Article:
Floating offshore wind comes of age with break-through pipeline of projects

Thursday, 8 June, 2017 - 13:15

Floating offshore wind is no longer consigned to the laboratory: it’s a viable technology ready to be rolled out on an industrial scale, according to the latest report from WindEurope released today at the Offshore Wind Energy 2017 event in London.

Not only has the technology for floating offshore wind reached maturity, costs are also predicted to plummet in the coming years. One of the key advantages of floating offshore wind is that turbines are located further away from shores in areas with higher average wind speeds without depth constraints.
Turbines can be significantly larger on floating installations and construction, installation, operation and maintenance costs could be lower than on fixed sites. Capacity can thus be improved leading to an increased generation of electricity, allowing for cost reductions of 10% by 2020 and 25% by 2030.

Ivan Pineda, WindEurope Director for Public Affairs commented: "Floating offshore wind is no longer an R&D exercise. The technology has developed rapidly in recent years and it is now ready to be fully commercialised at utility scale projects. Adding this option to the market means more offshore wind in total and it’s this extra capacity that we will need to meet the 2030 goals".

Floating offshore wind offers a vast potential for growth. 80% of all the offshore wind resource is located in waters 60m and deeper in European seas, where traditional bottom-fixed offshore is less attractive.  At 4,000 GW, it is significantly more than the resource potential of the US and Japan combined.

Tapping into this inexhaustible resource will be key to expanding the overall capacity of offshore wind and support the EU in reaching the target of 27% of energy by renewables by 2030. As highlighted in WindEurope’s latest report, ‘Unleashing Europe’s offshore wind potential,’ offshore as a whole could in theory generate between 2,600 TWh and 6,000 TWh per year at a competitive cost – €65/MWh or below, representing 80%-180% of the EU’s total electricity demand. 

Floating offshore wind projects in Europe

Project name
Capacity
Country
Expected commissioning date
Hywind Scotland 30 MW Scotland 2017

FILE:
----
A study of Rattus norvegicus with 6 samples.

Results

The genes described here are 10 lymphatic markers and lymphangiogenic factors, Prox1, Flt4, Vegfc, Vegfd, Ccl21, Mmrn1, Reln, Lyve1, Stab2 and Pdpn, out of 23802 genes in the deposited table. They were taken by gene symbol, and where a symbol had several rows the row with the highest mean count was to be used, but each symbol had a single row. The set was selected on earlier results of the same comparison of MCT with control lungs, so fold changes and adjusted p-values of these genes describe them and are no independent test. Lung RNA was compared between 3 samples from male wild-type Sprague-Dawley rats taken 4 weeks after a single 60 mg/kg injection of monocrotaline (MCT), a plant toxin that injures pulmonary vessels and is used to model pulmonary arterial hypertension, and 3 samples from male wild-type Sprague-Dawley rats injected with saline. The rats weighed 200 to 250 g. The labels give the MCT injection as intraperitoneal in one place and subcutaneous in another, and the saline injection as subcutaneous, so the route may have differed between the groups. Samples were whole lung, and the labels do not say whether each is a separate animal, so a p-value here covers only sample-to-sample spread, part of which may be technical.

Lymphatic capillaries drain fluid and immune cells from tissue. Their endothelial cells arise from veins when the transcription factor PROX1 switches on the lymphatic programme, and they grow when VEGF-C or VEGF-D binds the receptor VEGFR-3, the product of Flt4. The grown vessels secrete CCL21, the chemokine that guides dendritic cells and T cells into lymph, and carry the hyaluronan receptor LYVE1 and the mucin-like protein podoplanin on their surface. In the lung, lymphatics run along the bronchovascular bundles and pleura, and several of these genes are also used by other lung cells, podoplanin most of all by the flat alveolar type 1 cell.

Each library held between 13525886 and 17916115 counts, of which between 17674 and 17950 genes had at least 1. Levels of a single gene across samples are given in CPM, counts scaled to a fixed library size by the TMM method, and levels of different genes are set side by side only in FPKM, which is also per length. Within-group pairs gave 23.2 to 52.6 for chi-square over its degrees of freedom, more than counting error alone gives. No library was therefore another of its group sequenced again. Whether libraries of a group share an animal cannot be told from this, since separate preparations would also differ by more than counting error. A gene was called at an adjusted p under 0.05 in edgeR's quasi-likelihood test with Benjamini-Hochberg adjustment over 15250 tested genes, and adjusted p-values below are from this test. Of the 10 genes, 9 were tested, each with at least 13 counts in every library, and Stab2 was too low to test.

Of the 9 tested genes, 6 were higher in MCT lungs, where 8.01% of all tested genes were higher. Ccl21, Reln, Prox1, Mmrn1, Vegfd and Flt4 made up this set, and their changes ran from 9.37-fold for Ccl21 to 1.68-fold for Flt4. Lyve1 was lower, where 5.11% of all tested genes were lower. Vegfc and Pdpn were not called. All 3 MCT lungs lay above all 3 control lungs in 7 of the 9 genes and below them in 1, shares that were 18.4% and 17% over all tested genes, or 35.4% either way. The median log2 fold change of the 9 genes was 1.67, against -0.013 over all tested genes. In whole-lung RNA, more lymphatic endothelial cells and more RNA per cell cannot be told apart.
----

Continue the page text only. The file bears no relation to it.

Kincardine 48 MW Scotland From 2018
Dounreay Tri 2 x 5 MW Scotland 2018
WindFloat Atlantic 30 MW Portugal 2018-2019
French pre-commercial farms 4 x 25 MW France 2020
Atlantis/Ideol project 100 MW UK 2021
Gaelectic 30 MW Ireland 2021

 

Source: WindEurope

Similar Entries

Annual installed offshore wind capacity in Europe (graph: WindEurope)

The offshore wind industry hit a new record for investments of €14 billion during the first half of the year – exceeding the total full-year investments in 2015 – according to offshore statistics for the first 6 months of 2016 published today by WindEurope. As of 30 June 2016, cumulatively, there are 3,344 offshore wind turbines with a combined capacity of 11,538 MW fully grid connected in European waters in 82 wind farms across 11 countries, including demonstration sites.

AXYS Technologies Inc. (AXYS) announced that design work with Boulder Environmental Sciences & Technology (BEST) is underway to deploy the world’s first buoy based microwave profiling radiometer on a floating platform, the FLiDAR WindSentinel. The companies are certain that the measurements of this system will significantly improve weather forecasting and lead to better site evaluation and energy producing.

Vattenfall, the Swedish energy company, has shortlisted projects for a €3mn scientific research programme to understand the environmental impacts of offshore wind.

The first floating offshore wind farm, Hywind, off the coast of Scotland (Photo: DNV GL)

DNV GL has launched a new joint industry project with fourteen global partners to develop a Recommended Practice for the coupled analysis of floating offshore wind turbines. The project is the first of its kind, bringing together multiple stakeholders from the wind, oil & gas and maritime industries.